Eating at least seven daily portions of fruit and vegetables may give the best chance of staving off death from any cause, says a new study.
And vegetables may pack more of a protective punch than fruit, according to research published online in the Journal of Epidemiology and Community Health.
A diet rich in fruit and vegetables has been linked to good health but many of the studies on which this is based have largely been carried out on people who are already likely to be health conscious.
The authors analysed lifestyle data for more than 65,000 randomly selected adults aged at least 35, derived from annual national health surveys for England between 2001 and 2008. And they tracked recorded deaths from among the sample for an average of 7.5 years.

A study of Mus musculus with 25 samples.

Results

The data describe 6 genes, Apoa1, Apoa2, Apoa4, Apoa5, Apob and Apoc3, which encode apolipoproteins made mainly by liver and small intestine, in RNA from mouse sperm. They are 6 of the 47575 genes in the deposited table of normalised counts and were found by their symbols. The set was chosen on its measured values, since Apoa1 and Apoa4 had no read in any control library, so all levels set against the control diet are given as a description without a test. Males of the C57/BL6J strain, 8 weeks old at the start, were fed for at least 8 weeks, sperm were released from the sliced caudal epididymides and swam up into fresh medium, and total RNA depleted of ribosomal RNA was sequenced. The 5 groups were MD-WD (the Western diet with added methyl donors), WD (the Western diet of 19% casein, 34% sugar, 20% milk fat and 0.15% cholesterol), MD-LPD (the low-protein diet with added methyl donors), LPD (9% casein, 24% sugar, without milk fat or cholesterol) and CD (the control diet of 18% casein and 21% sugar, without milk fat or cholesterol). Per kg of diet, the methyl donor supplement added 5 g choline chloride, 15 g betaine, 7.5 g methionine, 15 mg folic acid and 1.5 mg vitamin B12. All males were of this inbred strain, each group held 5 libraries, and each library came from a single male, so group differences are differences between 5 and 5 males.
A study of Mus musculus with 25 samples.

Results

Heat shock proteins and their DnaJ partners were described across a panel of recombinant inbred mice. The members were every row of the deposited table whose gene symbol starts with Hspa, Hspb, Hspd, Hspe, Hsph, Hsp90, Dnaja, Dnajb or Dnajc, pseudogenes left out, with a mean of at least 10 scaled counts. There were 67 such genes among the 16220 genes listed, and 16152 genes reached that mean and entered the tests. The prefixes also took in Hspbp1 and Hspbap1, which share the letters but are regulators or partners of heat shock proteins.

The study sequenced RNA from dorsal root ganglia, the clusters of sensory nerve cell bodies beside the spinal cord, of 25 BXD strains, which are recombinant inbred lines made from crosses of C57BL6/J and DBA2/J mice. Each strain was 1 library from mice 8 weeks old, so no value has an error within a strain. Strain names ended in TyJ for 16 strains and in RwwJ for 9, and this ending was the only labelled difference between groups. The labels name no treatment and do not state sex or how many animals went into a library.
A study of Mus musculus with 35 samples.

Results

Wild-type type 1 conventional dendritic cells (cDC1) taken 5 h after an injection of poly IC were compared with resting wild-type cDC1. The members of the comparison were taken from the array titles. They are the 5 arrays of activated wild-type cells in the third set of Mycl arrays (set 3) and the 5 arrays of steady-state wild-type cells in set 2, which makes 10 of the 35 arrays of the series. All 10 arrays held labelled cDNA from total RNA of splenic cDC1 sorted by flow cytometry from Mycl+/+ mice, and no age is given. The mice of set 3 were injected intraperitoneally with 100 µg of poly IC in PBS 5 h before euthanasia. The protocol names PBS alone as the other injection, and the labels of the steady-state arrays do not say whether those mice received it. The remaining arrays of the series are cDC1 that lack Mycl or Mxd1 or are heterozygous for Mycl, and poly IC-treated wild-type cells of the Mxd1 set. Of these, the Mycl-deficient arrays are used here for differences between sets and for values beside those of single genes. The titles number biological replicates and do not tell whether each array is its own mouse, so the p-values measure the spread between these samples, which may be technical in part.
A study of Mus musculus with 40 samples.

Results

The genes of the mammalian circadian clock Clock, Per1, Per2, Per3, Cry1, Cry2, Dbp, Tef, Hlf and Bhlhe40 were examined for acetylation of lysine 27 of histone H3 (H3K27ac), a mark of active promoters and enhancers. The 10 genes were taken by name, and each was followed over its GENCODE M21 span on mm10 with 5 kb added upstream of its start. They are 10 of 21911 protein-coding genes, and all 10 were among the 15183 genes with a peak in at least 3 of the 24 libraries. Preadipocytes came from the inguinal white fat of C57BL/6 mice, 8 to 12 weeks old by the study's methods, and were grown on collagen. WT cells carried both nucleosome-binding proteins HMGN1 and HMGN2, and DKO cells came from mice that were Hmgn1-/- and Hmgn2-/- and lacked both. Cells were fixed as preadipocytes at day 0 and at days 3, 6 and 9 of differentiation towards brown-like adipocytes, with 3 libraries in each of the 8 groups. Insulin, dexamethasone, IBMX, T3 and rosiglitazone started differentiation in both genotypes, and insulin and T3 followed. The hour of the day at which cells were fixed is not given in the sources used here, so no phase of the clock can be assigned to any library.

On average, the survey respondents said they had eaten just under four portions of fruit and vegetables the previous day.
During the monitoring period 4,399 people died (6.7% of the sample).
The analysis revealed that eating fruit and vegetables was associated with a lower risk of death overall, and deaths from heart disease/stroke and cancer.
The higher the intake of fruit and vegetables the greater the protective effects seemed to be.
Eating at least seven daily portions was linked to a 42% lower risk of death from all causes and from cancer and heart disease/stroke of 25% and 31%, respectively, after excluding deaths within the first year of the monitoring period.
Vegetables may be more protective, the figures suggest: 2-3 daily portions were linked to a 19% lower risk of death, compared with a 10% lower risk for the equivalent amount of fruit.
And each portion of salad or vegetables seemed to confer a 12%-15% lower risk of death.
But while fresh and dried fruit seemed to strongly curb the risk of death a portion of frozen/tinned fruit seemed to increase it by 17%, which public health doctors from the University of Liverpool describe in an accompanying editorial as “intriguing”.